I was inspired by a goal that Elise Joy (goal-setter extraordinaire) set for herself for 2020: "Get dressed (in an outfit I feel good in) every day."
In Bangladesh, there are some cultural “rules” about what to wear that is appropriate. This amounts, basically, to covering your curves: two layers over your chest and rear. When I was there for a week, I essentially wore the same thing every day (a long, plain navy, cotton tunic, as well as a scarf). That had its own benefits (the ease of a "uniform"!), but I was also thrilled to come home and wear what I wanted to again.
But, with the freedom to wear whatever I wanted, the question came: what did I want to wear?
Working at home, with limited interaction for 80%+ of the time, I can wear… anything. Personally, I am not tempted by pyjama pants or even sweats; I like to get dressed every day in real clothes. But, I am tempted by disinterest, to simply not put in any effort. To pull over a hoodie and some ok-fitting jeans.
Last year, it began to occur to me that I am midway through the “mom” years, and that this is the time that would be easy to give up on style, to simply lose interest.
I have never been particularly stylish, but I do have an affinity for simple, classic style. I’ve never been a peacock, but I do want to look good. Last year, I heard about a podcast episode on this very subject between two moms, asking: Have you lost your style? Has personal style taken a back seat during a busy season of life?
All of this resounded with me, so I have borrowed Elise's goal for myself — to dress every day to feel good in my skin.
I will do a follow up in a few months (ask me to make sure!), but for now, I am really enjoying this focus. If you have any everyday goals for 2020, share them below or email me — I'd love to hear them!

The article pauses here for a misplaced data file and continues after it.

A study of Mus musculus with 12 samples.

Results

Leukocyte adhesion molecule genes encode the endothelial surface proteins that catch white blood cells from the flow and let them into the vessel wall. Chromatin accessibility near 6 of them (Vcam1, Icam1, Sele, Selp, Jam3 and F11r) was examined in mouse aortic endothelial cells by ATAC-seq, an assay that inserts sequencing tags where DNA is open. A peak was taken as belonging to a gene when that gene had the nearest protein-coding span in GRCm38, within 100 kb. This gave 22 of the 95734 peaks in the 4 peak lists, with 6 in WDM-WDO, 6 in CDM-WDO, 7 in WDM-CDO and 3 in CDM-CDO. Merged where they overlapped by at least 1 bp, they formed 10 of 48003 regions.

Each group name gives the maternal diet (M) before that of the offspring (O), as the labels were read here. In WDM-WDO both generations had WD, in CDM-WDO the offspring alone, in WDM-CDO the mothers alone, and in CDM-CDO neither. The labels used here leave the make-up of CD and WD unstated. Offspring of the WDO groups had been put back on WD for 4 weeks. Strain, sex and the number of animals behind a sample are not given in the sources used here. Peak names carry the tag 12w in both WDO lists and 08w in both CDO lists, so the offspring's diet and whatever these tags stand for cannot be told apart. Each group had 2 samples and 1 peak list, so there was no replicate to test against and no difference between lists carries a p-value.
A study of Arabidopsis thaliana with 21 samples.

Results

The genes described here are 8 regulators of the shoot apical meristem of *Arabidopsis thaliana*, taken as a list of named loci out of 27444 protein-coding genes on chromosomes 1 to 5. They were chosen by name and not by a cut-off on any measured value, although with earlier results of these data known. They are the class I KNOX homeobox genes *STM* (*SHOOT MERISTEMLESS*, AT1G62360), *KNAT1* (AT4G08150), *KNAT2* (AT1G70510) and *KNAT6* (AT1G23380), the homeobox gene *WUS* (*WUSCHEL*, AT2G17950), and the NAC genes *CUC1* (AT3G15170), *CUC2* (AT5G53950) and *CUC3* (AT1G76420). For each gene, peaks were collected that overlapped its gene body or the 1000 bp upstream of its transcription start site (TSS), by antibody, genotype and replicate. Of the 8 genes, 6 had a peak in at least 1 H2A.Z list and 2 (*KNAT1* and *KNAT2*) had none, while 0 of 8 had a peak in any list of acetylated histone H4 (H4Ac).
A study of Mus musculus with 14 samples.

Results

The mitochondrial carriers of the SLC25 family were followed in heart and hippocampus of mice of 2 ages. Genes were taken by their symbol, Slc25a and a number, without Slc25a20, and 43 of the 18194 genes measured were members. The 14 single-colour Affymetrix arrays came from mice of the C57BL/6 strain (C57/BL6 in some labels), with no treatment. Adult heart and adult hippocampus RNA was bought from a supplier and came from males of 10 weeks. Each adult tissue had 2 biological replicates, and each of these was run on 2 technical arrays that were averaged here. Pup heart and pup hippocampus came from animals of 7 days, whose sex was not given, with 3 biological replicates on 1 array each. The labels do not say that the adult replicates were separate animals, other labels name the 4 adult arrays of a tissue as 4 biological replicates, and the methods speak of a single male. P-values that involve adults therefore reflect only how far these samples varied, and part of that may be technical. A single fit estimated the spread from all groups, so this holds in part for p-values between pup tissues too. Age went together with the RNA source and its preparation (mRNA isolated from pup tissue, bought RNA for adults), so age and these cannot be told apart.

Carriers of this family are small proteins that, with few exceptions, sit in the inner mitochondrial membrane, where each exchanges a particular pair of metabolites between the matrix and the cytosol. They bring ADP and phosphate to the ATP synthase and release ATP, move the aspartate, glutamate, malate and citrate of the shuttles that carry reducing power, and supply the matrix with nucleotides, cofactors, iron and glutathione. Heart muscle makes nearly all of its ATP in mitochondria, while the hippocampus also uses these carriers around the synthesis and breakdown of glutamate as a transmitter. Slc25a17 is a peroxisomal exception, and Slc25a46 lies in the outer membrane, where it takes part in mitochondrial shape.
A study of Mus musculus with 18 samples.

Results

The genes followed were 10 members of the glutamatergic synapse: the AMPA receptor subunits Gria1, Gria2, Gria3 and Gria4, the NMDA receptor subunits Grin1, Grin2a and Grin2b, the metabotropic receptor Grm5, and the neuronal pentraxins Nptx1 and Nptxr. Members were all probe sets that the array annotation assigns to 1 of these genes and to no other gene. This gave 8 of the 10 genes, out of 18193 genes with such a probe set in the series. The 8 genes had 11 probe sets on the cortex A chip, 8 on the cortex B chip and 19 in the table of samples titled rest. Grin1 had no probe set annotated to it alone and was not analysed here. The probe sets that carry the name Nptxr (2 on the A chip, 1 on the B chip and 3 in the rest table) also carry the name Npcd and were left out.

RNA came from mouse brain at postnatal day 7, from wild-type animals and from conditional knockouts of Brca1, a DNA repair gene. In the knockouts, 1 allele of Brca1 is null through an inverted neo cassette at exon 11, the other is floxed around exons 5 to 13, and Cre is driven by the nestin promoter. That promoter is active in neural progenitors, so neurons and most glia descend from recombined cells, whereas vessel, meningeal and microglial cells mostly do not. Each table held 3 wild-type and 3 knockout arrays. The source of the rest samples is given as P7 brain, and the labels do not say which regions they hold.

(Photo courtesy of Friends of Basha)
Reflections from my experience visiting a Brothel in Bangladesh
As impossible as it is for me to believe now, earlier in 2020 I flew around the world. The primary objective was to visit Bangladesh and see, in person, the life-changing work in which dignify has had the privilege to participate over these past 8 years.
A friend recently asked on Facebook for “the most challenging and enlightening resource you have read/watched about the problem of racism in America”. This question received numerous responses within the day: half a dozen films, dozens of books, podcasts, courses, and other hubs of information resources (as well as the astute reply, “Conversation”, which is, of course, the most relational and human of “resources”).
I think that this experience was shared by most people in early June (as protests & concerns over racial injustice had reached a critical volume): so many resources, so much to learn.
But now, 2 months later… what have we done with the magnitude of worthy, fascinating, perspective-altering information & insights that have been brought to our attention?
And this it only in the area racial injustice. In other interests & concerns: How much do we know? How much have we learned & read & listened to already?
Approximately 25 years ago (in March 2020), we did a customer/reader survey. I asked what you like to read on the blog & one of the respondents suggested a post on "living generously". What a fabulous idea and perfect for this time in history!
[The title of this post implies some kind of authority or expertise — ha! Nope, no experts here... just some thoughts on generosity from a fellow human, trying to make my way!]